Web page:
Updated: 2012-08-21 18:52
( Xinhua)

Shanghai exposes professional beggars


A man begs in a subway carriage in Shanghai in this Feb 10, 2011 file photo. [Gao Erqiang/Asianewsphoto] 

SHANGHAI- Police in Shanghai have published a list of beggars who have been caught most often on metro trains over the past four years, sparking debates about the problem of "professional" beggars.

Posted online last week by the Xujiahui police station of the Shanghai public security bureau urban rail and bus corps, a 22-year-old man, who has been caught 308 times, topped the list. An 88-year-old woman, caught 292 times, was runner-up.

Police officers have tried to help the beggars by sending them to rescue stations, while others would prefer not to be sent to them. The corps has investigated 9,006 cases between January 1 and August 10, with 962 beggars being sent to rescue stations.

It said that some "professional" beggars even rent their children to other "professional" beggars for about 200 yuan (about 31.75 U.S. dollars) per day. The child will be used to help beg in order to gain sympathy from the public.

Some "professional" beggars can make more than 1,000 yuan every day, far better than many white-collar workers, the corps said.

According to the law of punishment for public security and administration, police can detain those suspected of illegal begging activities, such as forcing others to give them money. However, Shanghai police said that it is hard to gather evidence as many citizens are not willing to testify.

According to the law, suspects who raise juveniles or look after those who are older than 70 will not be detained. Therefore, many children and old people are used by "professional" beggars to avoid punishment.

Additionally, they are usually well-organized. Once they have been stopped by police, they will contact fellow beggars via cell phones to help them avoid being caught.

Experts suggest the government should categorize the beggars and treat them properly according to their situation.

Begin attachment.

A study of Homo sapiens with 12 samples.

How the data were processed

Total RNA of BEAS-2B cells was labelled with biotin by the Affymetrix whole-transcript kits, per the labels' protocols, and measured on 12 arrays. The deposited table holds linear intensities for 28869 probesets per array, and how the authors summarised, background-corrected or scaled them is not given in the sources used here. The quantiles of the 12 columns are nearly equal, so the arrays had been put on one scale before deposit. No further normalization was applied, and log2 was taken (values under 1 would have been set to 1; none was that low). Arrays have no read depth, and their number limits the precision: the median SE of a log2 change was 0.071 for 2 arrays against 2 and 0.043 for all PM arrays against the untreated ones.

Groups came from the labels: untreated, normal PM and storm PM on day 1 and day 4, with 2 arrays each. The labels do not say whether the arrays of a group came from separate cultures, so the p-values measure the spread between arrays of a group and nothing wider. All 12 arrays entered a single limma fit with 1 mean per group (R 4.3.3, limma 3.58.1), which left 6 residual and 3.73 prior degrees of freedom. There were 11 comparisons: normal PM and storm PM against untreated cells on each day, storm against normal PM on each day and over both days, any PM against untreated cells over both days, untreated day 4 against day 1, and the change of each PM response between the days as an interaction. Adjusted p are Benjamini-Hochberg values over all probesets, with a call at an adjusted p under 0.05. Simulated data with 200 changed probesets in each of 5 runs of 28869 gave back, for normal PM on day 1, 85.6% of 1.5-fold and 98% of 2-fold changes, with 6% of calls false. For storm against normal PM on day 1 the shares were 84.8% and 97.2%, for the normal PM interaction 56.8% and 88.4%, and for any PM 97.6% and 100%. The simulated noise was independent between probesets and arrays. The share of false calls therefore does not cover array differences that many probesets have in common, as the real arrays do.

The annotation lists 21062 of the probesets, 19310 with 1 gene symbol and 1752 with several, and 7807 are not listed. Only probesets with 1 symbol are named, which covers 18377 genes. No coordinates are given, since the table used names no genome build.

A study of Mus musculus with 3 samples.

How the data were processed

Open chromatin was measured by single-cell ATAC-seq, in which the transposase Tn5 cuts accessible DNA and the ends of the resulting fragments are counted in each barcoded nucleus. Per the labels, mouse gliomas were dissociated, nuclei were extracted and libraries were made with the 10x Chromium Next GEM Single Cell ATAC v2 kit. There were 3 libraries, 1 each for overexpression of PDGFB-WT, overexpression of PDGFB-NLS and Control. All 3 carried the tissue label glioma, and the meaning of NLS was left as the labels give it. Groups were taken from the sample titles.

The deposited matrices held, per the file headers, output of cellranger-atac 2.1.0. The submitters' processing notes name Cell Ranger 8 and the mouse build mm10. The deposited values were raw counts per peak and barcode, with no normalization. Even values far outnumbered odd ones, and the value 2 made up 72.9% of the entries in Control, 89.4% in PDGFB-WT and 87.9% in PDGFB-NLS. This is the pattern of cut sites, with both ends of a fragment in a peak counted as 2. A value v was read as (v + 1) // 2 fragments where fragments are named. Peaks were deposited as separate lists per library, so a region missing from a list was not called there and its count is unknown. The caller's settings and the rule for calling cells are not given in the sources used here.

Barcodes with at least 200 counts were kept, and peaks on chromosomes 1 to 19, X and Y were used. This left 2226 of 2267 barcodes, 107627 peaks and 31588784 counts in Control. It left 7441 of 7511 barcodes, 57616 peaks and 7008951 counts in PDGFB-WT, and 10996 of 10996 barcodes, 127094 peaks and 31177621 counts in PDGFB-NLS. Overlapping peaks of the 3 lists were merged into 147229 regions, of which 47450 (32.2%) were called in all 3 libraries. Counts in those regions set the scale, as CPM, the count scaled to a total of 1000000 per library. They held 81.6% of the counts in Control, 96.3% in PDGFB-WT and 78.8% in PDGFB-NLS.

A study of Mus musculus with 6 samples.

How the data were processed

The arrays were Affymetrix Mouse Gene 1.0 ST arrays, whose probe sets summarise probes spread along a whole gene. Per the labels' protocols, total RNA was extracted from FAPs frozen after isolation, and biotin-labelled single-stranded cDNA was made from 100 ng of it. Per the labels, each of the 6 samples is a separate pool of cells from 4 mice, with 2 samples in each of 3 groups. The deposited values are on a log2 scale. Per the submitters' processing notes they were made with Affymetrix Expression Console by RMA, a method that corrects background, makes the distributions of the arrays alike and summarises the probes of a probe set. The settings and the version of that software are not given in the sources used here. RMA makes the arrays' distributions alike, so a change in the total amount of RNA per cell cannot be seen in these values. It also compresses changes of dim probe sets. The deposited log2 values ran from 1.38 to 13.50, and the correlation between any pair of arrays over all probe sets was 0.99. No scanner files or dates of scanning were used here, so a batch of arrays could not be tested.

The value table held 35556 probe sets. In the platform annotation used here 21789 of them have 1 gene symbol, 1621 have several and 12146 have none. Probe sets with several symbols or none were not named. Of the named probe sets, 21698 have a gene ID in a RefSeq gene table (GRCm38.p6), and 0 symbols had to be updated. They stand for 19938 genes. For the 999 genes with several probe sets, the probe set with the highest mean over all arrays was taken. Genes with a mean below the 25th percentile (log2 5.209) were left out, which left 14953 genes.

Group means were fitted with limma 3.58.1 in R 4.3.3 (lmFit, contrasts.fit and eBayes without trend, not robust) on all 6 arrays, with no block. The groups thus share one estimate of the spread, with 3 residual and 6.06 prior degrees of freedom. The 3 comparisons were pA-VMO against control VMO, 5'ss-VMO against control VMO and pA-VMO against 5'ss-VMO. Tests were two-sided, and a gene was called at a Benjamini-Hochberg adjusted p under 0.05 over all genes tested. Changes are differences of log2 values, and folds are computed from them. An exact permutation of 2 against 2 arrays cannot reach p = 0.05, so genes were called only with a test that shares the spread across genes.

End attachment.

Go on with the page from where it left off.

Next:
As for juveniles, mentally-ill, or those from outside the city who cannot make a living, the government should give them more support. But for the "professional" beggars who are too lazy to work, the government should have stricter regulations and restrictions, experts said.

Xie Xialing, professor on sociology at the Shanghai-based Fudan University, said the government can create special zones in the city for beggars to busk.

Xie said the government can provide some professional services to the beggars, such as setting up aid distribution stations to offer basic food and clothes and provide free vocational training.

Tang Xiaotian, vice secretary-general of Shanghai Law Society, said those who organize or force others to beg to make profit should be punished. Tang also said police should publish information about the "professional" beggars and the organizers in order to help people distinguish the real beggars from the fake ones.

Since the list was published, many took to Sina Weibo, a popular micro-blogging site, questioning whether the police have the right to publish such information.

"Cat eye" wrote that the police have infringed upon the beggars' privacy and damaged their dignity.

The police station replied on its official micro-blogging account that it has not revealed the names, photos or the home towns of the beggars and it is focusing on the so-called "professional" beggars -- the people who see begging as an occupation.

Internet users also said that publishing information can do nothing to deter "professional" begging but instead foster apathy towards those who are really in need.

"Ji Shichang" posted that the country should prohibit "professional" begging, but publishing is unfair to the real beggars.